Human-robot collaboration, despite its numerous advantages, is possible only if user safety is guaranteed at all times. Indeed, it would be unacceptable to place a human in the proximity of a dangerous machine. Even if it is possible to improve safety by placing sensors on the robot to detect and avoid dangerous situations, it is preferable to design intrinsically safe robots which are physically unable to hurt people.


    A possible approach to achieve this objective consists in reducing the inertia of the manipulator and the power of its actuators. Using lighter materials and optimising the mechanical design are effective methods to lower a robot's weight. However, it is difficult to reduce inertia beyond a certain limit if the load that must be lifted by the robot is itself significant.

    Static balancing consists in eliminating the efforts that must be exerted by the actuators to support the manipulator's weight at rest. As a result, less powerful and thus safer actuators can be used. Adding a counterweight is a simple means to achieve static balancing. However, if it is added on the manipulator, the total inertia is increased which is counterproductive. To avoid this problem, the counterweight can be deported on the base and be linked to the manipulator by a passive transmission, as illustrated on Figure 1. As a result, the additional inertia is only reflected when the robot is moving vertically.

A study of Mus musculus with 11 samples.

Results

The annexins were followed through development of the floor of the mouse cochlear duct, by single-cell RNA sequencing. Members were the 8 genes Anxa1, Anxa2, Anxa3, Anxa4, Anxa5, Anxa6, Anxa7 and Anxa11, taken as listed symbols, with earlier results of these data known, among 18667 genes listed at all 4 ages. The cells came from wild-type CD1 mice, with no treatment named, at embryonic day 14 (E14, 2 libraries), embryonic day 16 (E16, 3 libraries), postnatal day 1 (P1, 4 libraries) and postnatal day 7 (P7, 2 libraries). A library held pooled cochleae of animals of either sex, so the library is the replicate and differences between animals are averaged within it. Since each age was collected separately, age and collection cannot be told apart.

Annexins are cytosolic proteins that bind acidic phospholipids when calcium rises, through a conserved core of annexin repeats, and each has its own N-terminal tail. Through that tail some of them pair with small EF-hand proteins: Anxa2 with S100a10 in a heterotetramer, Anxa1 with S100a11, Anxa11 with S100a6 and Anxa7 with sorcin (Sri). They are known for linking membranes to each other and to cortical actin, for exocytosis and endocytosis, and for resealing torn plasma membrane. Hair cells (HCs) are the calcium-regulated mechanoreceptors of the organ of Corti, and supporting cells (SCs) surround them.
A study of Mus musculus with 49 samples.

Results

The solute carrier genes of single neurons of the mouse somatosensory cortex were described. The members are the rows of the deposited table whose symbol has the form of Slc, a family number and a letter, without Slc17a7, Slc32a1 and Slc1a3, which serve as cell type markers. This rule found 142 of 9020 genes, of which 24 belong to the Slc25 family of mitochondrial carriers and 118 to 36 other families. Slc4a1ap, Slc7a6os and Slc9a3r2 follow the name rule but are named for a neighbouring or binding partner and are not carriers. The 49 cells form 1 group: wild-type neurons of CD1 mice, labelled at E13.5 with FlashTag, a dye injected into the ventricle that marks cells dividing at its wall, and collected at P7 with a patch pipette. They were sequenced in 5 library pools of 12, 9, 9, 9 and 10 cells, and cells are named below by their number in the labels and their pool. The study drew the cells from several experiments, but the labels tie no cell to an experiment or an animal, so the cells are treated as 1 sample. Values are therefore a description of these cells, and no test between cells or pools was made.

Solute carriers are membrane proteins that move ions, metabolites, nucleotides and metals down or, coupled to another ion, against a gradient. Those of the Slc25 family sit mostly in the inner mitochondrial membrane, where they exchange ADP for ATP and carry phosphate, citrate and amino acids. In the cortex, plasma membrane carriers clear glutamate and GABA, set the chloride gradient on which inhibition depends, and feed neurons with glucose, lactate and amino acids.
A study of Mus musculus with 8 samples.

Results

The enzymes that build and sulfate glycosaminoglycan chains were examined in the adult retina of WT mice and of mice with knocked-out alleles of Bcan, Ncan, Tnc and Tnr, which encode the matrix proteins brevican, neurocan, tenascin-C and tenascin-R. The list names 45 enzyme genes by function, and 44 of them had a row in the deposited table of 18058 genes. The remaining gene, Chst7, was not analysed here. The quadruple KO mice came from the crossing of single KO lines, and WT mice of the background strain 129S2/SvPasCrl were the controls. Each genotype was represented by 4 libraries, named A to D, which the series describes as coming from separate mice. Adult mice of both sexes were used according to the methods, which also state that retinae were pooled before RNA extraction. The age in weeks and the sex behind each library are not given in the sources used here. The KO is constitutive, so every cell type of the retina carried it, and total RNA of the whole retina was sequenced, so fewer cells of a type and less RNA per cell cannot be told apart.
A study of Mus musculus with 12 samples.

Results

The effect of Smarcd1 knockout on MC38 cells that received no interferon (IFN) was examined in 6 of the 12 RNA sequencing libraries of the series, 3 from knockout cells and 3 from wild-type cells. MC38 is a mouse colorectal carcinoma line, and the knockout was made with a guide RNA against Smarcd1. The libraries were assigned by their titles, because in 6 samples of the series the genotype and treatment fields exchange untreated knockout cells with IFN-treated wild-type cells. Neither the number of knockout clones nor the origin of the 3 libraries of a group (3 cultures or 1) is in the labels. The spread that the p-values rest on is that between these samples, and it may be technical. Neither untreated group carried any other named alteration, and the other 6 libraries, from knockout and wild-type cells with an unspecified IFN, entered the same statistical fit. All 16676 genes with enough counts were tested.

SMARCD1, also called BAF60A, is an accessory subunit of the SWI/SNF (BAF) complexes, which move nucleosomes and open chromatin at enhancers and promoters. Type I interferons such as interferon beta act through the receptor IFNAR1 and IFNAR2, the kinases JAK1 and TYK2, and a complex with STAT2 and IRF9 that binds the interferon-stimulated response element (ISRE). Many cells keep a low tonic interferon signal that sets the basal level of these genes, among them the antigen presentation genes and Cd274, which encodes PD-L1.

Fig. 1: Deported balancing principle using hydraulic cylinders.

    The deportation principle can also be applied to actuators. By placing them on the manipulator's base, the inertia of the mobile components is reduced and the required power is minimized. This technique has been succesfully implemented using a cable (for vertical motion) and belts, as can be seen on Figures 2 and 3. The counterweight being placed on a lever, it is possible to displace it to balance various loads. The obtained prototype requires an input power similar to a hairdryer (for a payload of 100kg!), which attests the effectiveness of the approach which consists in placing the counterweights and actuators on the base.

    Fig. 2: Balancing system and belt routings to deport the actuators of an assist device prototype.
    Fig. 3: Photo of the assist device prototype.